Directed by: Lars von Trier
Written by: Lars von Trier (screenplay)
Starring: Kirsten Dunst, Charlotte Gainsbourg, Kiefer Sutherland and Alexander Skarsgard
When Lars von Trier announced “No more happy endings,” after the premiere of his last film, Antichrist, people were a little dismayed. Had any of his movies actually had a happy ending in the traditional sense? Bjork dangling from a rope at the end of Dancer in the Dark, an entire village (and America by extension) facing a woman scorned at the end of Dogville, a man walking through the woods and then being overcome by persecuted female ghosts (or something like that) in Antichrist- he’s not exactly Disney material.
His latest, Melancholia, certainly contains a grim conclusion whether or not you subscribe to the “more” part of his proclamation. This is a film in which the world ends and everyone on it perishes, but not before a young woman succumbs to crippling depression during her wedding.
Melancholia opens with a gorgeous, slow-motion montage sequence set to the classical music of Wagner that shows a planet (which we will later learn is the source of the film’s title) collide with Earth. Von Trier, like Terrence Malick’s approach with Tree of Life, collides the galactic with the personal, as we see Justine (Kirsten Dunst) and Claire (Charlotte Gainsbourg) experience different levels of this ending.
Inter-cut with the planets’ merging atmospheres are slow-motion sequences of Justine in her wedding dress. She is running through the forest in one shot, and in another floating down a river. This overture, unlike the one in Antichrist, lays out his battle strategy for the rest of narrative.
Because this is a von Trier film, before the Earth can end Justine must lose all hope and reason for being alive. Scenes of intimate happiness between her and her new husband Michael (Alexander Skarsgard) mark the official beginning of the film’s first part, which is named after Justine.
Almost the entire first half of the movie is devoted to the wedding’s after-party. It’s here that we start to see the cracks in Justine’s foundation, as she slowly implodes while the evening drags on. A grandiose melodramatic outburst from her mother (Charlotte Rampling) and the womanizing of her father (John Hurt) seem to be the trigger of her despair that evening, though it’s made clear that she’s been suffering quite a while.
Von Trier’s gift as a director has always been in emotional connection. His films are edited in such a way that you feel every ounce of pain with the characters. Dunst is brilliant as Justine. From the quietly devastating moment where she has to hold back tears while she cuts her wedding cake to the more flamboyant outbursts in the second half (named after Claire), she gives a performance that has become a mandatory gold standard for this director’s female roles.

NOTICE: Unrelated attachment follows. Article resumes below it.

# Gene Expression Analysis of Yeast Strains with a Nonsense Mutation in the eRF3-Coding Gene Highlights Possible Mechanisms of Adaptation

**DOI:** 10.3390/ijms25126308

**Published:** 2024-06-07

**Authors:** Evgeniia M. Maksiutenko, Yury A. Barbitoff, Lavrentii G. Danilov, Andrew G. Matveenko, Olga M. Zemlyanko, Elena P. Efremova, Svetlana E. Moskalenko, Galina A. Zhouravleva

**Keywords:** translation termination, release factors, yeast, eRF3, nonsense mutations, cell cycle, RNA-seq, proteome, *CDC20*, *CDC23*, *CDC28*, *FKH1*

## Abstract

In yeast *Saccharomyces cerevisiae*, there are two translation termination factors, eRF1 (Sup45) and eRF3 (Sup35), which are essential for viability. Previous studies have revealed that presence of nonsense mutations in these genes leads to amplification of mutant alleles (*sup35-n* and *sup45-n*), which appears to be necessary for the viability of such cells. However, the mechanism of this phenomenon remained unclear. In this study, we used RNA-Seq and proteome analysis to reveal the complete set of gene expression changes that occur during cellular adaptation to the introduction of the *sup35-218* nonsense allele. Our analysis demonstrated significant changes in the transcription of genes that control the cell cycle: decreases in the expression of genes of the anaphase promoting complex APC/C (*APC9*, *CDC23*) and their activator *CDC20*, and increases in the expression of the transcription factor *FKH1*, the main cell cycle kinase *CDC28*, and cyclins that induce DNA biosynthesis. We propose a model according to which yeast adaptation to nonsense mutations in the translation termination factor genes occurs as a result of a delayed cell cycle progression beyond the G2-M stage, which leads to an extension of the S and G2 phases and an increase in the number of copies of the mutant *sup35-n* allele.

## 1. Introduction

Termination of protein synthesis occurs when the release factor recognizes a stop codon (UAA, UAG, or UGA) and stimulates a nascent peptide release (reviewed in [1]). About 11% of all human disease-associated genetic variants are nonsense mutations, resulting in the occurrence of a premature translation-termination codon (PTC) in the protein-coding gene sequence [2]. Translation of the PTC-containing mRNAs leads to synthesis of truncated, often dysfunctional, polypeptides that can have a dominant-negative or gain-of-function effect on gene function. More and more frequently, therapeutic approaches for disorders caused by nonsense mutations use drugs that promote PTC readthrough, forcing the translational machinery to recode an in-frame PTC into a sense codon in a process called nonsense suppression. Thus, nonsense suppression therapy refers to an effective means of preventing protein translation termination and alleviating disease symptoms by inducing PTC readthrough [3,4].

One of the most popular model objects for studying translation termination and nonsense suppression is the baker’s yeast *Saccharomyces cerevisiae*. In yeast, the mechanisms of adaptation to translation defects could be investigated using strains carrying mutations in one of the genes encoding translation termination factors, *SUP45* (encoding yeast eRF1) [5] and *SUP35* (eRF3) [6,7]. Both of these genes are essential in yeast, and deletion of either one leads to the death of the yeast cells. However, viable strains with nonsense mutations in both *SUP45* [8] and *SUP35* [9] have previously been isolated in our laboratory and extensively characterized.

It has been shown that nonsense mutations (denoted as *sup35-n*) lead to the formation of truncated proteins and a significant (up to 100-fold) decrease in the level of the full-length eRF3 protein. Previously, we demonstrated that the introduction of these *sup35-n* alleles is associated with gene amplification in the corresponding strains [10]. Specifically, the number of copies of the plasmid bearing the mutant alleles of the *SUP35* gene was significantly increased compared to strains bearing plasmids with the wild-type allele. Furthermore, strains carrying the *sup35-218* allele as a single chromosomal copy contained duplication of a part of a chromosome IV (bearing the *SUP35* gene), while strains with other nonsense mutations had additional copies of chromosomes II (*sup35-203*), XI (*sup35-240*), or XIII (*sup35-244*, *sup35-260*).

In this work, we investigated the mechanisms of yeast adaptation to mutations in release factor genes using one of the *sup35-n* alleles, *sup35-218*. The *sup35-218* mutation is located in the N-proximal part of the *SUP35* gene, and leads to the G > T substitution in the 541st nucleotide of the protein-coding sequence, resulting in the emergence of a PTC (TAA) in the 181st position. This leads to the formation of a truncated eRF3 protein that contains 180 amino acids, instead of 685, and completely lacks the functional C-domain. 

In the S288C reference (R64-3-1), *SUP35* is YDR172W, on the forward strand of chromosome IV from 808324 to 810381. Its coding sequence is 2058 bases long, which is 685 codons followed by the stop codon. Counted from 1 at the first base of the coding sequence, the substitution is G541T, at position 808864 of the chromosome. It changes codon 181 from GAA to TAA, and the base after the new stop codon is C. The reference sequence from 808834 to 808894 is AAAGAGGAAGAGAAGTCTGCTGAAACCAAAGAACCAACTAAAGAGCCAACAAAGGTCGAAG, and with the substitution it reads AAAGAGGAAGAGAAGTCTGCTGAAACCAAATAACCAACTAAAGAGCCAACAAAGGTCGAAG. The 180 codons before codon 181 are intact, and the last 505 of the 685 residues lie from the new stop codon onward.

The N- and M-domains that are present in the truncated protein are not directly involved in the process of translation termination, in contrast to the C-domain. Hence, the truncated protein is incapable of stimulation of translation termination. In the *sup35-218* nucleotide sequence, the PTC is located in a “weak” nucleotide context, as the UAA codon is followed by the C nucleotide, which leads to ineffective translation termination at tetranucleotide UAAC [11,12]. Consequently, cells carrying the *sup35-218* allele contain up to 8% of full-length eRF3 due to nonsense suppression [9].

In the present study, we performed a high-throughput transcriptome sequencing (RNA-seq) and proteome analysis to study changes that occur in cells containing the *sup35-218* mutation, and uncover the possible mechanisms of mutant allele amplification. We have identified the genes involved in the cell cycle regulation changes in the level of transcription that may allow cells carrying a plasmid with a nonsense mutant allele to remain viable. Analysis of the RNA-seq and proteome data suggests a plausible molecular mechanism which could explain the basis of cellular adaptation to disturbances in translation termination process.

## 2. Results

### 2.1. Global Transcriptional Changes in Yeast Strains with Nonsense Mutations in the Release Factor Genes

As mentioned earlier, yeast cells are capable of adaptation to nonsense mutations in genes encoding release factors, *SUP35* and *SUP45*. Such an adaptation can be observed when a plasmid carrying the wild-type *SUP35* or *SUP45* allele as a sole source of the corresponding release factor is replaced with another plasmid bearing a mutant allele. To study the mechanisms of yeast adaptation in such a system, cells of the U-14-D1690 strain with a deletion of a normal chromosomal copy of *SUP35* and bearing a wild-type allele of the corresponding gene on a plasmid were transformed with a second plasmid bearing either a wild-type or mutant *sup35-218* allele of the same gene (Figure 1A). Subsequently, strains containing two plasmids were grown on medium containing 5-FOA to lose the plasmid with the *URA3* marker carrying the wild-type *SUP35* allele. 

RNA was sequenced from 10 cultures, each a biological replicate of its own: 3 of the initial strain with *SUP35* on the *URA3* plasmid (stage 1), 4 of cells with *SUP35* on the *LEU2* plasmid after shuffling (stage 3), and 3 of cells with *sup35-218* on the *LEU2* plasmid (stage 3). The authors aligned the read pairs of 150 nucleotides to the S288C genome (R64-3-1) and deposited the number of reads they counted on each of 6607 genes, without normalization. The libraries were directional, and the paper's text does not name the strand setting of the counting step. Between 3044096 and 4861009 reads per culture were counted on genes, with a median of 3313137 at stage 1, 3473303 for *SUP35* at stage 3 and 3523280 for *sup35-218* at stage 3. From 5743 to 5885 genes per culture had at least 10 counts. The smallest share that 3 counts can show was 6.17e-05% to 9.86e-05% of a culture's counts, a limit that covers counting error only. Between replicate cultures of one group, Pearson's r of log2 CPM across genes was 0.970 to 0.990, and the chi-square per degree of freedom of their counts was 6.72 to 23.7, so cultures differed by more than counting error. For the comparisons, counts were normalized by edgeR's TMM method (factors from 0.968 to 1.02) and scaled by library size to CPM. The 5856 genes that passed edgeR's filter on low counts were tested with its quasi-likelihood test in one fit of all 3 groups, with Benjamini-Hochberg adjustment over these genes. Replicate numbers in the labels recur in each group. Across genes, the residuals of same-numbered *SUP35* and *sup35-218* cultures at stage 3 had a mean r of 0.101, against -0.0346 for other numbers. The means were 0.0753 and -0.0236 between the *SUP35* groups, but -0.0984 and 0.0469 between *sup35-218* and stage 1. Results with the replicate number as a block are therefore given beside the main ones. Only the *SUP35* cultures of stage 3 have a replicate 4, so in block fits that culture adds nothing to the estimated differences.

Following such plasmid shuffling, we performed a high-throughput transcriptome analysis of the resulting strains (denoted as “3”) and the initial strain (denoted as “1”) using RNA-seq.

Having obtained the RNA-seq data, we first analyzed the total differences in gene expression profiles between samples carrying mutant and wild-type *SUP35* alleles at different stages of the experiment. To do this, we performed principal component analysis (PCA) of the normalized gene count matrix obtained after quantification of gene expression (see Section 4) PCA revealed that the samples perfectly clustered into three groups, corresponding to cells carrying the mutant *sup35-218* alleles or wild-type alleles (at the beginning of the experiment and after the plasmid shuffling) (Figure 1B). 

Charlotte Gainsbourg is allowed to show off more of her emotional side in the film’s second half, when her paranoia about the planet that has emerged from behind the sun is reaching its peak. Her husband (Kiefer Sutherland) is a scientist, and assures her that Melancholia will not collide with Earth, but she relentlessly hounds the internet for apocalyptic data that justifies her feelings.
Von Trier has finally come to terms with the absurdity of many of his storylines, and found a suitable genre in science fiction. Though this does mark the first time he’s used special effects, Melancholia is not a showy movie once it moves past the stylized overture. His abrupt cuts and quick edits that break continuity in his shots remain intentionally in tact, a remnant of his Dogme 95 days. More and more, though, he is embracing arthouse sensibility, at least visually.
Many of those who see Melancholia will be tempted to find allegory in its story to the real world. Though it does have things to say about denial, anger, and acceptance, to try and put it into a modern context with current issues (climate change seems the most likely) would be to miss the point.
This is a movie about more than the destruction of the planet. Justine’s life is torn apart in the first half. Normally for von Trier, that suffering would be enough and she would be allowed to die, but now she walks around like a husk. Her sister Claire cooks her meatloaf, and she says it tastes like ash, which is all that will be left in the coming days.
That volatile sibling relationship adds another layer to Melancholia. It’s about those two sisters, who until the apocalypse seamed forever destined to drift apart and back together, learning to accept fate and experience the end side-by-side. They are brought together much like the planets, if less violently. Their conversations about the world ending provide for some of the movie’s more poignant moments.
Like Malick did with Tree of Life, von Trier projects himself into his protagonist and then puts it in a scope outside of the known. It’s odd how two films made without collaboration can be so close-knit. In some ways Melancholia is a dark twin to Malick’s film, contemplating destruction over creation and being perfectly ok with all those things that are to die.